Sunday, November 28, 2010


Some philosophers think prepunishment makes compatibilism philosophically hard to swallow. If we know someone will commit a crime beyond a reasonable doubt, why shouldn't we be able to punish them before they commit it? A compatibilist seems to have no principled way of avoiding implementing prepunishment despite its unattractiveness to our moral sensibilities.

I once argued in a paper that it's not the fact that we have a Kantian respect someone's decision making faculties to make the choice their own (that is, until the time they actually make it) that makes prepunishing them so distastful to our moral sensibilities but our hardwired Strawsonian psychological constitution which can't help but input moral demands and capacities on them and when they violate such demands, produce the reactive attitudes on our behalf. Our hardwired reaction prevents us from assessing the thought experiments involving prepunishment the way they are intended.

But now I think there may be some other reason as well also set apart from Kantian respect for people's decision to commit the crime "up to the last moment".

Consider two people, A and B. Both are equally good at shooting a gun and have equal evil motivations at killing a rival.

A points a gun at his rival and shoots. He hits his rival and kills him.

B points and shoots in exactly the same way and for the same reasons and motivations as A and by some turn of chance, a strong wind blows his bullet a fraction of an inch off target thereby just barely missing B's rival.

Both are caught by authorities and charged with crimes. A with 1st degree murder which carries a 25 year sentence and B with attempted murder which only carries a 5 year sentence.

Both did the same thing but in A's case, he kills his rival. Why should the law and our moral sentiments treat the two cases differently when the difference (wind) was out of the control of both? A seem to deserve harsher punishment and is guilty of worse but has done nothing that was in his control worse than B. If a certain theory of action is correct, then A did the exact same thing as B but receives far harsher punishment and moral judgment. Notice that we only know what to charge the defendant after the crime takes place, not after when he has completed the action he has control over.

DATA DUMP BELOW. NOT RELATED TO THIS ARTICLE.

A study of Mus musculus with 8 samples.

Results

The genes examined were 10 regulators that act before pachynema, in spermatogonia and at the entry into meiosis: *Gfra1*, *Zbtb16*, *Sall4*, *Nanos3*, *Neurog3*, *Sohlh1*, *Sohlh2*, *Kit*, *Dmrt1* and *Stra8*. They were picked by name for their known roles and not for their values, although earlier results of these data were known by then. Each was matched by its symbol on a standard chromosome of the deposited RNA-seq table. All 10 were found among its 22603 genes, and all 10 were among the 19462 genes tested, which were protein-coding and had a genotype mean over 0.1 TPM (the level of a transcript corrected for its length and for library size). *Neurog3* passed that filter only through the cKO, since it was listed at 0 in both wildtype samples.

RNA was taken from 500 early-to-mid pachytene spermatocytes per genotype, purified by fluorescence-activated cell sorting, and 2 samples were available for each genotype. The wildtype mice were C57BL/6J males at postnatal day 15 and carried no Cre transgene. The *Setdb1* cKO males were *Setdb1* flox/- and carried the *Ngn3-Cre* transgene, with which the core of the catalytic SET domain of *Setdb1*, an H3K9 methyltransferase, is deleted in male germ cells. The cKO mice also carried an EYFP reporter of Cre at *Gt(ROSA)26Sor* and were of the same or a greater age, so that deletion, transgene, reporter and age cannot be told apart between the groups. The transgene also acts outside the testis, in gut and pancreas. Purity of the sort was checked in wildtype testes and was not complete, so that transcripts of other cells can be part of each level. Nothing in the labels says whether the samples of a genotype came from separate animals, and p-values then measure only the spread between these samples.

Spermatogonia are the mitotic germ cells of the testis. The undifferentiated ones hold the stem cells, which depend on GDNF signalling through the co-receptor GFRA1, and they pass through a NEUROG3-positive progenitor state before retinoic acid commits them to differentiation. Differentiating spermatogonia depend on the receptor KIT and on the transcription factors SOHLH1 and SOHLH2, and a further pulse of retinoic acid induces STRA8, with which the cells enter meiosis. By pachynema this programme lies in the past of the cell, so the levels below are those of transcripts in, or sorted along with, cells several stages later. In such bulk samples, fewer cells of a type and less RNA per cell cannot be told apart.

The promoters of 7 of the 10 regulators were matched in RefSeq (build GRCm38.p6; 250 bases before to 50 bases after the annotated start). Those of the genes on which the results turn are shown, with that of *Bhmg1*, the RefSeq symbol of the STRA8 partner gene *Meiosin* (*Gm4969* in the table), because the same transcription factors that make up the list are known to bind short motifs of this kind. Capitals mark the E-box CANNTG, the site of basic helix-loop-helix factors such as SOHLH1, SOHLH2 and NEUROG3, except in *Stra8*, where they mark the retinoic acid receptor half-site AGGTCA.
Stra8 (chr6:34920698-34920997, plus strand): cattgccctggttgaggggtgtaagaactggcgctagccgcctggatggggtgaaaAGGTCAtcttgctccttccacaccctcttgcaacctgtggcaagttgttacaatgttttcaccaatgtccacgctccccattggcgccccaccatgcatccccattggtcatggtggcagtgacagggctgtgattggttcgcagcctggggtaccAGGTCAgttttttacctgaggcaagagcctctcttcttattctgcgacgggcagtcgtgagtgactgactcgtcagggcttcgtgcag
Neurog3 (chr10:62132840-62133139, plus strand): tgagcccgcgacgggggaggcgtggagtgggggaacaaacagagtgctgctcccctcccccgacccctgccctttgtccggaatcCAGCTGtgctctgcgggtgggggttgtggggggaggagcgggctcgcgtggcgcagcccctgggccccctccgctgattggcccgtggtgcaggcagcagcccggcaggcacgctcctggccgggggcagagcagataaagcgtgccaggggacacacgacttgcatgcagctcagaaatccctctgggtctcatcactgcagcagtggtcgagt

I'm not sure why we intuitively judge this to be the case and if such a judgment is sound.

This seems to be where the very same intuitions come into cases of prepunishment. We are hesitant to judge because we doubt that someone could so be determined or destined to commit a crime. We don't know if a crime will be commited (or what kind it will be) till after it has been. This is a bias and prejudice against the existence of determinism or perhaps our predictive abilities rather than a bias against compatibilism per se. This bias prevents us from accessing the scenarios of prepunishment as they were intended to be, I think.


  1. I think part of the reason that attempted murder is less harshly punished than successful murder is that you don't want to motivate someone to think "might as well finish the job now that I've started." If we gave both A and B the death penalty for their actions, then B would have no reason not to shoot a second time, since the punishment is already as great as it can be.

  2. That's a possibility. In which case my example would be relegated to the apparent asymmetry in moral, as opposed to legal, judgment of retributive desert. Legal punishment sometimes contain pragmatic and thus non retributive considerations such as giving people motivation to not finish off his rival if so he should miss.